In the 1980s, Keith Hernandez admitted that not only did he use cocaine himself, but he estimated 40 percent of major league baseball players at the time did as well. Other major league players also testified about the widespread use of cocaine in baseball.
It was an eye-opener for many. The Pittsburgh drug trials brought to light the darker side of baseball. Unfortunately, cocaine abuse did not stop after the trials and continues to this day.
On September 25, 2016, Marlins’ pitcher, Jose Fernandez was involved in a deadly boat crash. He and two friends were killed. Toxicology results later revealed that Fernandez was both legally drunk and had used cocaine.
History of Cocaine Use in Baseball
Many fans assume that after the Pittsburgh drug trials of the 1980s, drug use had ended in the sport. The public also assumed that all baseball players are randomly drug tested, which is not the case. While players have to be tested for performance-enhancing steroids, they aren’t tested for drugs. Alas, for legal reasons, a single player cannot be targeted for drug testing without just cause.
Many players begin using cocaine for its short-term performance-enhancing attributes stating that cocaine increases alertness and energy while boosting sensory hypersensitivity. Although these effects are short-lived, it is easy for a player to use cocaine in the restroom at the ball field before he plays.
New Information on Cocaine Use in MLB
Andy Martino recently interviewed baseball players on the condition of anonymity for an article in the Huffington Post about the sport’s current cocaine use. Most of the players he interviewed estimated that 25 percent of Major League Baseball players use cocaine. One source admitted that during his career he used cocaine only a handful of times, but smoked marijuana in about 150 of his 400 games.
Ironically, Minor League Baseball permits random drug testing and tests come back positive 0.5 percent of the time. However, these players admit that promotions are often celebrated with cocaine and marijuana use.
Baseball’s Future as it Pertains to Drug Use
It is clear from multiple interviews that both marijuana and cocaine use in baseball is common, with cocaine abuse remaining very high. Cocaine is a highly addictive drug. Once a player indulges in the drug culture of the sport, it often becomes difficult for him to stop, resulting in addiction.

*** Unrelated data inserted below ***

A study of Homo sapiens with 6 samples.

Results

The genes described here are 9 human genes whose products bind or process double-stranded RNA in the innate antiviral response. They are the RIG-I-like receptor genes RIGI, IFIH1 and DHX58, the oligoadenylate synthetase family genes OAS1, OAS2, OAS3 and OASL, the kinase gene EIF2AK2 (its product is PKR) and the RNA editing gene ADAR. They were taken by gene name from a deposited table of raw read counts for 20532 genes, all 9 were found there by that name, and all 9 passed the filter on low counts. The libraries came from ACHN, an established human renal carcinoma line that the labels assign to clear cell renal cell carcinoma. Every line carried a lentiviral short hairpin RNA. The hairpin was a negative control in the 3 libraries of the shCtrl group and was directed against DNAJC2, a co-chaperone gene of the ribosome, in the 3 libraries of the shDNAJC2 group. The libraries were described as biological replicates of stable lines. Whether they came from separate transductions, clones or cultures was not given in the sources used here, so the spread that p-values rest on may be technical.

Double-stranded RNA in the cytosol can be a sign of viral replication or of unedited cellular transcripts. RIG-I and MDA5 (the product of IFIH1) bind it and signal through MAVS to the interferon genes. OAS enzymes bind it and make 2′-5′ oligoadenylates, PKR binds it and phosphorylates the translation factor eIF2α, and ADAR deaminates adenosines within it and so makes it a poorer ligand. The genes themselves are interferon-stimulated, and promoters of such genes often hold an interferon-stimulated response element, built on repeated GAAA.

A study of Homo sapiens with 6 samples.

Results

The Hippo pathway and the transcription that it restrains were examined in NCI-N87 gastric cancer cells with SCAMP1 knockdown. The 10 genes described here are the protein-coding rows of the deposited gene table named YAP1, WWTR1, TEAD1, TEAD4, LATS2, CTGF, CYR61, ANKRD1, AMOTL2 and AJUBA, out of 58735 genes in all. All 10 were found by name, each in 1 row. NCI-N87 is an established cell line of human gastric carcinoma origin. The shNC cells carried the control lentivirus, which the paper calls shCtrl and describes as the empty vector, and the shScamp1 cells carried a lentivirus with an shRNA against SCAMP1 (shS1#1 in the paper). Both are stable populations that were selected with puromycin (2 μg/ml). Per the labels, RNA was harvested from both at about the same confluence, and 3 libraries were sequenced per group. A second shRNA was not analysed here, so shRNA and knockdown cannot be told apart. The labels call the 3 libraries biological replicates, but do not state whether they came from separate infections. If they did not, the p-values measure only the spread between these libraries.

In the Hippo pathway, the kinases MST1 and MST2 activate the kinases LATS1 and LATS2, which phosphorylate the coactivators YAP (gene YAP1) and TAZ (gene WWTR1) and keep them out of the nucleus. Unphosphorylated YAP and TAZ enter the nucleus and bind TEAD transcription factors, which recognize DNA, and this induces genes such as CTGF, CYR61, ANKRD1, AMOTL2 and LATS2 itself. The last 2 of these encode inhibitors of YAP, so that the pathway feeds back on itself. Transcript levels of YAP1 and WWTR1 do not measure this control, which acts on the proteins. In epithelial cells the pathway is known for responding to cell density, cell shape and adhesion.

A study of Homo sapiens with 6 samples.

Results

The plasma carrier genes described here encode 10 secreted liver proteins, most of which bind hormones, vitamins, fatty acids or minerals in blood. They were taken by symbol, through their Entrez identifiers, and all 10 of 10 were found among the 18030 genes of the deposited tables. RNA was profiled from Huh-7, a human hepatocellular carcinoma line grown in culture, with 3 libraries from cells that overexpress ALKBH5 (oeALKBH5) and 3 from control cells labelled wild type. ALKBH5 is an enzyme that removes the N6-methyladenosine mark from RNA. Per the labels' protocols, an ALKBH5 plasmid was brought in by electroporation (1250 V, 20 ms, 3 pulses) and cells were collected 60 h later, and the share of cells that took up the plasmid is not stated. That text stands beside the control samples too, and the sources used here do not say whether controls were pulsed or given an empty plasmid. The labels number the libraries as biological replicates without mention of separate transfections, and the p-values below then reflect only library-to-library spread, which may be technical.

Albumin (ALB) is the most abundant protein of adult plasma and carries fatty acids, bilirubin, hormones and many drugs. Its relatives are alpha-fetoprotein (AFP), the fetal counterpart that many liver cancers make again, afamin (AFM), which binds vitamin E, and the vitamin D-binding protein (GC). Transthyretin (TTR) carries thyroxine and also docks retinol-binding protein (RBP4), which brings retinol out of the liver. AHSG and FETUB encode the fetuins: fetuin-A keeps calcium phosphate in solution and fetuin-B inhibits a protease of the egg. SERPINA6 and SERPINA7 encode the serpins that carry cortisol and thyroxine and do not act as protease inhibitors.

With about one-quarter of all M.L.B. players using the drug, if random testing were permitted, what would happen to the sport? Would players be suspended? Would players play as well without the drugs in their system? There are many questions that are yet to be answered about cocaine and baseball’s future.
An Ongoing Drug Problem in Sports
Undeniably, cocaine continues to plague the sport to this day. It is astounding that after cocaine caused so much damage to the sport in the 1980s, that more regulations were not enacted to prevent players from using drugs. Until the Major Leagues decide to put an end to cocaine and other drug abuse in baseball, players will continue to indulge in the activity, putting their lives and the sport they love at risk.
About the author:
Nicole earned her doctoral degree in Psychology with an emphasis on marriage and family therapy at California School of Professional Psychology. Her doctoral thesis was a grounded theory study exploring the role of alienation and connectedness in the life course of addiction. She specializes in treating addiction and trauma. She is certified in DBT and EMDR, two of the most highly regarded evidence-based methods in psychotherapy. Dr. Doss is a strong LGBT advocate and provides open and affirming support to her LGBT clients.
Dr. Doss’s earlier education included graduating cum laude from the University of California, Irvine in June of 2007 with a Bachelor’s degree in Psychology. While there, she received honors recognition by Psi Chi and Golden Key honor societies.
Nicole has been working with alcoholics and addicts in our California drug and alcohol rehab center as an advisor and counselor for many years. She is passionate about providing quality counseling and care to her clients. Her main focus is on integrating the 12 Step and disease models of addiction with experiential therapeutic theory. She is married to Greg; they have two adorable sons together and an energetic yellow Labrador Retriever.